Port developer hears Charlotte's concerns

Port developer hears Charlotte's concerns

A developer fielded questions Monday night in Charlotte about his plans to build a hotel and condominiums on what is now city-owned land at the Port of Rochester.

It quickly became clear that people concerned about the project wanted more answers than he could provide in a brief presentation at a Charlotte Community Association meeting at the Roger Robach Community Center.

Gregory Weykamp, principal of Edgewater Resources, said he will present several options for the design of his 10-story building to the city's Project Review Committee on Wednesday. After getting the city's feedback, Weykamp said he would return later to the community for more input and would attempt to recapture "the golden era of the resort here."

Critics continued to question the suitability of the project site.

Opponent Bill Brown said there are too few test borings on the depth of the bedrock on which Weykamp may have to anchor his building. While Weykamp said the site is similar to other waterfront projects, Brown insisted he could find no others built on what he described as a steep, buried canyon wall.

"If I were building a $21-million building, I'd want to know where the bedrock is," said Brown, a systems analyst.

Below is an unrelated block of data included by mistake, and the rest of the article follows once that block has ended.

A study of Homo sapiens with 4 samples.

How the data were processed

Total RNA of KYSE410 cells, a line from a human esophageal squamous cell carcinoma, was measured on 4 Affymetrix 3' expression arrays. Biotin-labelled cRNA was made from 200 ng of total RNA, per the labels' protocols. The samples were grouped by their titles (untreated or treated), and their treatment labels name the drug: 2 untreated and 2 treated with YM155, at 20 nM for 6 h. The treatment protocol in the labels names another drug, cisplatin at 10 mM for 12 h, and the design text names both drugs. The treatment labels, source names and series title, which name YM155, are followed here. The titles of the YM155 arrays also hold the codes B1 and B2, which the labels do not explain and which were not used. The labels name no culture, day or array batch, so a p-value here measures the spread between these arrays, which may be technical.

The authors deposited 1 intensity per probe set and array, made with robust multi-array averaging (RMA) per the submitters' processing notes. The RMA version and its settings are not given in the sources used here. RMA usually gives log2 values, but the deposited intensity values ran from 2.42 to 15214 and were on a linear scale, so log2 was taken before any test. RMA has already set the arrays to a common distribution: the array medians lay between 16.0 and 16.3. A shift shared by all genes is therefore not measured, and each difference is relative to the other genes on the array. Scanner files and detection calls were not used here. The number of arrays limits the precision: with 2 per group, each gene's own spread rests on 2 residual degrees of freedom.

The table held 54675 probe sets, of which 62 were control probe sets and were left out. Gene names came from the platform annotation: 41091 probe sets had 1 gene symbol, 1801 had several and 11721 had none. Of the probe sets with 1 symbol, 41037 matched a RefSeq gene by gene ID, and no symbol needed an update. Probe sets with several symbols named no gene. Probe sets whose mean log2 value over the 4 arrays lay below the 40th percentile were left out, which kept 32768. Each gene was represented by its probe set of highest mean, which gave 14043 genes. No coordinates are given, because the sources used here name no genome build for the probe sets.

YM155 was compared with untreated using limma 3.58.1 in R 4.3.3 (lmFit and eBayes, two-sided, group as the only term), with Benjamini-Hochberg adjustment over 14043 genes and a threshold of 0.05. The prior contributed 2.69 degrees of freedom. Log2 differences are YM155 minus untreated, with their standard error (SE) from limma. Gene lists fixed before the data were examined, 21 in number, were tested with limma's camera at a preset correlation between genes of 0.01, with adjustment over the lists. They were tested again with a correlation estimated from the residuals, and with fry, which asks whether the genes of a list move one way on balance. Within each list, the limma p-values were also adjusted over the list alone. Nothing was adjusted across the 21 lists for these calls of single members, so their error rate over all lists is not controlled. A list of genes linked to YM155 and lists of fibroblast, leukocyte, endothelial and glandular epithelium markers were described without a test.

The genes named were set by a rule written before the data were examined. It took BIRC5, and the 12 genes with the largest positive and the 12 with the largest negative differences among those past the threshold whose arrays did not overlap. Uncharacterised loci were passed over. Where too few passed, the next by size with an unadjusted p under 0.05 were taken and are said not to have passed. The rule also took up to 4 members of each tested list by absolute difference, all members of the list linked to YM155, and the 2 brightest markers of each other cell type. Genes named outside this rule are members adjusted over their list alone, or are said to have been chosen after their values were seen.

Weykamp said his own geotechnical engineer has looked at the existing evidence and found that the site can be developed with a deep foundation.

He said afterward that he will do further site testing as he fleshes out project costs.

"My geotechnical engineer is confident, and I am confident in him," Weykamp said to Brown. "The costs are mine, not the city's or yours."

Others at the meeting raised questions about the project's viability and financing, which will partly include foreign investors through the federal EB-5 program.

Weykamp said other than a temporary tax abatement for condo buyers, he doesn't plan to seek further taxpayer support. He said he and his partner have invested $200,000 of their own money in the early stages of the project.

He said he and city officials expect to wrap up a legally binding document further detailing plans for the site within a few weeks and will post it on the city's website. Edgewater aims to close on its purchase of the site in about a year.